A national hui for child advocates
What about the Children?
A national hui for child advocates
22 - 23 July 2009
Holiday Inn, Featherston Street, Wellington
The 2001 deaths of sisters Olympia Jetson and Saliel Aplin at the hands of their mother’s partner was a catalyst for establishing advocates for children throughout New Zealand.
More than forty advocates are getting together for the first time at a national hui to share skills that will galvanise communities to keep children safe.
Reports into the deaths of Olympia and Saliel and those of other children highlighted that no system, agency, individual or community had put the children first and asked what was going on for them.
New Zealand scores worst in the developed world on the number of children under 19 killed in accidents and injuries, including violence, murder and suicide.
Child advocates are the voice that continually asks, “What about the children?”. They work with organisations and ordinary New Zealanders on how to be alert to children’s needs and respond positively when they ask for help.
The programme is government-funded through the Ministry of Social Development. Professional coordination for the child advocates is provided by Jigsaw, a child and family centred national family violence prevention agency.
Locally, the advocates are hosted by community organisations focussed on the safety and wellbeing of children and their families.
Media are invited to attend the opening address of the hui at 10am on Wednesday 22 July by the Minister of Social Development, Paula Bennett.
Keynote speakers and workshop presenters available for interviews during the two-day hui are:
Sarah Packman, National Advocates Coordinator,
Overview of the programme’s purpose and vision
Liz Kinley, Jigsaw CEO (Strategic
Identifying what works, rather than what doesn’t, through Appreciative Inquiry
Partner at GSL Network and Jigsaw board member
Leadership as the cornerstone of successful community change
Fuemana-Ngaro & Alfred Ngaro
Founders of the Tamaki Community Development Trust
The growth and core of Pasifika people
Sheryl Hann, Senior Advisor, Ministry of
“Its Not OK” family violence prevention campaign,
Coordinated community responses to preventing family violence
Andrea Berghan, Child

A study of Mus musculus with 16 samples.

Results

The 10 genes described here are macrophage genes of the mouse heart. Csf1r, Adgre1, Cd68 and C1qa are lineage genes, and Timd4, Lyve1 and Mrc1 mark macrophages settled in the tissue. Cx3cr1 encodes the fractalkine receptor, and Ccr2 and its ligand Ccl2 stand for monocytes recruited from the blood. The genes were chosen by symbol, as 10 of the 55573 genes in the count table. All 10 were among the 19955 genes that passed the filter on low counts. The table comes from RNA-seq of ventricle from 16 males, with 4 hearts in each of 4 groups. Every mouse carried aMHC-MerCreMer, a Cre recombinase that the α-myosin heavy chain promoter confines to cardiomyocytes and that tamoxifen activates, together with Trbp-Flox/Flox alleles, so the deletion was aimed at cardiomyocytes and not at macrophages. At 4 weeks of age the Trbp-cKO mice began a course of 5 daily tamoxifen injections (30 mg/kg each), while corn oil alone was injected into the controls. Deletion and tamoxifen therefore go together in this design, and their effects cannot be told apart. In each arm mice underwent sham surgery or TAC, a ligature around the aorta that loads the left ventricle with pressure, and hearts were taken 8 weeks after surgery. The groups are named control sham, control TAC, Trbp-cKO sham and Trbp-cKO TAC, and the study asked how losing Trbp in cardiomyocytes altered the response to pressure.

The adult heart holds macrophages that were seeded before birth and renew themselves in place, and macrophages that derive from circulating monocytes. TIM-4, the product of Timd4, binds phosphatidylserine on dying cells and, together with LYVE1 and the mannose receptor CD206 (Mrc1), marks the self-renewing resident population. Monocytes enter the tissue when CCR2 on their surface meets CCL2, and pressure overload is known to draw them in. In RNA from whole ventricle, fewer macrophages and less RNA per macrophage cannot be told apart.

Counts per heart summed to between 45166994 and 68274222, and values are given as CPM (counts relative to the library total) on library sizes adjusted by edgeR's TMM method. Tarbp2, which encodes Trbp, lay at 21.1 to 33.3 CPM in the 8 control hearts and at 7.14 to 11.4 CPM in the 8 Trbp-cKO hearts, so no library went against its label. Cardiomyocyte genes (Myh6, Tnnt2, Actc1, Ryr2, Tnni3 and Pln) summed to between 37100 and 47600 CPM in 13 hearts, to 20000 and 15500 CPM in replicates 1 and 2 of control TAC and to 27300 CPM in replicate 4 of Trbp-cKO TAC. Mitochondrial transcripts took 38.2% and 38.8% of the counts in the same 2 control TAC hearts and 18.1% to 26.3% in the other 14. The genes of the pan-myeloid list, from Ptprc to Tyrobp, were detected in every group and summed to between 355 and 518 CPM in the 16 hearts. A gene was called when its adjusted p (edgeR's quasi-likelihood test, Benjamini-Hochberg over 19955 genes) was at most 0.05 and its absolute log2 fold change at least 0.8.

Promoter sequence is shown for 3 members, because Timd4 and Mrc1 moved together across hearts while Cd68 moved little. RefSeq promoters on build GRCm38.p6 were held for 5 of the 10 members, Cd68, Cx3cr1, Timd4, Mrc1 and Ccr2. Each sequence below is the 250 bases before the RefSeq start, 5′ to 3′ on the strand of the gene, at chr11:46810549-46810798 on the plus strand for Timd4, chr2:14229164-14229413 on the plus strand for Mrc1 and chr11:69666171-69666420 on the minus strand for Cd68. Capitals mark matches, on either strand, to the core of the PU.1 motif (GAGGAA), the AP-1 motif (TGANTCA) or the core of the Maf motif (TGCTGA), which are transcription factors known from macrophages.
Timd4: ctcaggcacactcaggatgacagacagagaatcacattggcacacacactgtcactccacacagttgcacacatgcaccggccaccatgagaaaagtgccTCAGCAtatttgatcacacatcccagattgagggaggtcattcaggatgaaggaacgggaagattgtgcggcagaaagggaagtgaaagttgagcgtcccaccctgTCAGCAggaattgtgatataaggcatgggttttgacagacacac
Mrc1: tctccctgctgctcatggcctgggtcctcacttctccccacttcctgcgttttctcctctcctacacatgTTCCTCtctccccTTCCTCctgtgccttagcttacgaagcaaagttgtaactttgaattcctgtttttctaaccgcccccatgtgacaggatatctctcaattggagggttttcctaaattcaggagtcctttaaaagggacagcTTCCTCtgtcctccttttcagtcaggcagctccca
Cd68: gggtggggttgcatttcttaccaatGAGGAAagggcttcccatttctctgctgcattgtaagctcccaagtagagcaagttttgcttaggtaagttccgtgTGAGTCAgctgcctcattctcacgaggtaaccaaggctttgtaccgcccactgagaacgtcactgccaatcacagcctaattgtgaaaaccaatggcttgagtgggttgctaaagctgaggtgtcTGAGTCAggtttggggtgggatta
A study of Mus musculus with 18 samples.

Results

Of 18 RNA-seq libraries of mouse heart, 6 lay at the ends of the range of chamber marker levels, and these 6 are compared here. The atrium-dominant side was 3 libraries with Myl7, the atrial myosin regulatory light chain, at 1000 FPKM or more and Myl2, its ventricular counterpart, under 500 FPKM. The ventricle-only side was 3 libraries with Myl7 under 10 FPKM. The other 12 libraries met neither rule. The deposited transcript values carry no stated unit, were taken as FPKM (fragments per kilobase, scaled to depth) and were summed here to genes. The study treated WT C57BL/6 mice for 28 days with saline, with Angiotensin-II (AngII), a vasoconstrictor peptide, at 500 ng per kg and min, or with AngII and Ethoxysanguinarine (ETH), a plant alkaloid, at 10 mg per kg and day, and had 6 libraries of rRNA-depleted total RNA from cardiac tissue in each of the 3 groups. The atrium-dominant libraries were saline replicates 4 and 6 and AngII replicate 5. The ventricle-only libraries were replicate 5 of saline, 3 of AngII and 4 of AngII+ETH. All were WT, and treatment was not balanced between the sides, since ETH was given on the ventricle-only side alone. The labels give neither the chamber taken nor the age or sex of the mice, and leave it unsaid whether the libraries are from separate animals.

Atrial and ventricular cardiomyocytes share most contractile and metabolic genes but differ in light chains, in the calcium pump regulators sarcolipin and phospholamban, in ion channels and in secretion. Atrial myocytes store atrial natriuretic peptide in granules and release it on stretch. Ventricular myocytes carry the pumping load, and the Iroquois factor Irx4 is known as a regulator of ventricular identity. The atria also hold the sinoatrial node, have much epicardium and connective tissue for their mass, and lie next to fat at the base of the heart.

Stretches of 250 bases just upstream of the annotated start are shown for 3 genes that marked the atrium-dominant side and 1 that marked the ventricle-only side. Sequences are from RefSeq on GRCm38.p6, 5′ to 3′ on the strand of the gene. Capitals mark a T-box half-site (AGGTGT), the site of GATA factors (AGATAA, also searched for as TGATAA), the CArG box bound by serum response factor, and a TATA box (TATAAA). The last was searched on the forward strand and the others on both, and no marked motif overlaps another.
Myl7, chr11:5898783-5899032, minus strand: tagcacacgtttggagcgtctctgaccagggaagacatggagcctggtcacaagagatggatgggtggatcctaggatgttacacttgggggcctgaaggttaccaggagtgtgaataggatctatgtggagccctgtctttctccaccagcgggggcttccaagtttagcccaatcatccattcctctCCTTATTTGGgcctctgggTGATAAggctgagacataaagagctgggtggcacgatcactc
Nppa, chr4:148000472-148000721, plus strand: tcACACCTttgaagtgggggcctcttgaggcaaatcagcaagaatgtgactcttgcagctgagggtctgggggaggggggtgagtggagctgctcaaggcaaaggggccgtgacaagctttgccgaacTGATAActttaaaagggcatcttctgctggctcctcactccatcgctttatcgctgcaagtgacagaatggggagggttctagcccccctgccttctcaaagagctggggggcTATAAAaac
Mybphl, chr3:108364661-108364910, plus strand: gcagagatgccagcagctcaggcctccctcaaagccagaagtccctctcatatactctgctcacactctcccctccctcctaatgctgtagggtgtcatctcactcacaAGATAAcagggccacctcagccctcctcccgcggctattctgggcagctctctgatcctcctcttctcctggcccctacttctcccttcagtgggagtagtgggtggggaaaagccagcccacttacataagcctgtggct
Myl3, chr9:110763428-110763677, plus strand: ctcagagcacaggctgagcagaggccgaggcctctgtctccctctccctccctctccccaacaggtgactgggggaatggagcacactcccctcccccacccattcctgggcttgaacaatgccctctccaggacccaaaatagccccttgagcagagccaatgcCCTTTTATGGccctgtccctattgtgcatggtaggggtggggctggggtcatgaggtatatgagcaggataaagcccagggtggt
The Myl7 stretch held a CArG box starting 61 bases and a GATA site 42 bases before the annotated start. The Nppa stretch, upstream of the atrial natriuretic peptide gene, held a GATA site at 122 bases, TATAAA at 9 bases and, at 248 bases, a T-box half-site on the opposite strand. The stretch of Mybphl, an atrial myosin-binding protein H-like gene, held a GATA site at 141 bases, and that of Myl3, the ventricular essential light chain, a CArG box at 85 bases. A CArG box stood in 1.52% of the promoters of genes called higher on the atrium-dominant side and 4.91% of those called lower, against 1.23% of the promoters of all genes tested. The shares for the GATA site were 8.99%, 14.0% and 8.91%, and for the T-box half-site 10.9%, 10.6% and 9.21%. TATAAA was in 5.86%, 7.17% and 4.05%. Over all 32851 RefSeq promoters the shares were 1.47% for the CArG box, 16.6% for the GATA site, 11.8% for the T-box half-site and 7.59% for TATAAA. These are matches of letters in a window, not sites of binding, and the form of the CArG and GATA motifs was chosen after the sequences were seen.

Family Violence: It’s Your Business - a Workplace Toolkit
Kaye Smith, Child Advocate, Hauraki
A recipe for a successful advocacy cake
Mathew Williams, Child Advocate,
Toolkit for safer children, schools and communities
Louise Oskam, Child Advocate, Waimakariri and
Challenges, practices and successes in using networks for social change
Hera Clarke, Jigsaw
Deputy Chairperson and the Managing Director for
Auckland’s Te Whare Ruruhau o Meri. (Hui
The importance of the child advocates’ roles as connectors and motivators for social and systems change in their local communities
Tau Huirama, Jigsaw CEO
and Pou Arahi (Strategic Relationships) (Hui co-facilitator)
The importance of engaging and motivating whanau, hapu and
communities for change.
How are New Zealand’s children doing?
According to the latest Unicef Innocenti Research Centre league tables (2007)
• New Zealand is the worst country in the OECD for children under 19 killed in accidents and injuries.
• We have the fourth worst rate of babies who die before their first birthday.
• Our teenage birth rate is second highest at 30 births per 1000 young women aged 15 to19 years, double the OECD average.
Death and serious injury from assault of
children under five
Between 1995 and 2004
• intentional assault (includes neglect) resulted in hospital admission for 443 children aged under five - an average of almost one child every week
- over half (255) were under one
- over three quarters were under two
• 51 children under five died as a result of assault
- almost half (25) were under one
- over two thirds were under two
CYF received 89,461 notifications of possible abuse or neglect of children last year, more than double the number of notifications (40,939) in 2003/2004. An increasing number of children are found to be emotionally abused - 42% in 2007/2008 compared with 22% in 2003/2004.
For rheumatic fever our rates are 13.8 times higher than other OECD countries. For serious skin infections our rates are double. For whooping cough and pneumonia our rates are 5 to 10 times higher. For Bronchiectasis our national rates are 8 times those of Finland, the only other country studied.
Rates of immunisation against preventable diseases are low at 78%.
22 percent or 230,000 New Zealand children live in poverty. This equates to one adult and one child living on $305-$430 a week before housing costs. For children living in sole-parent families, the rate of poverty (49 percent) is over five times as high as that for children in two-parent households (nine percent).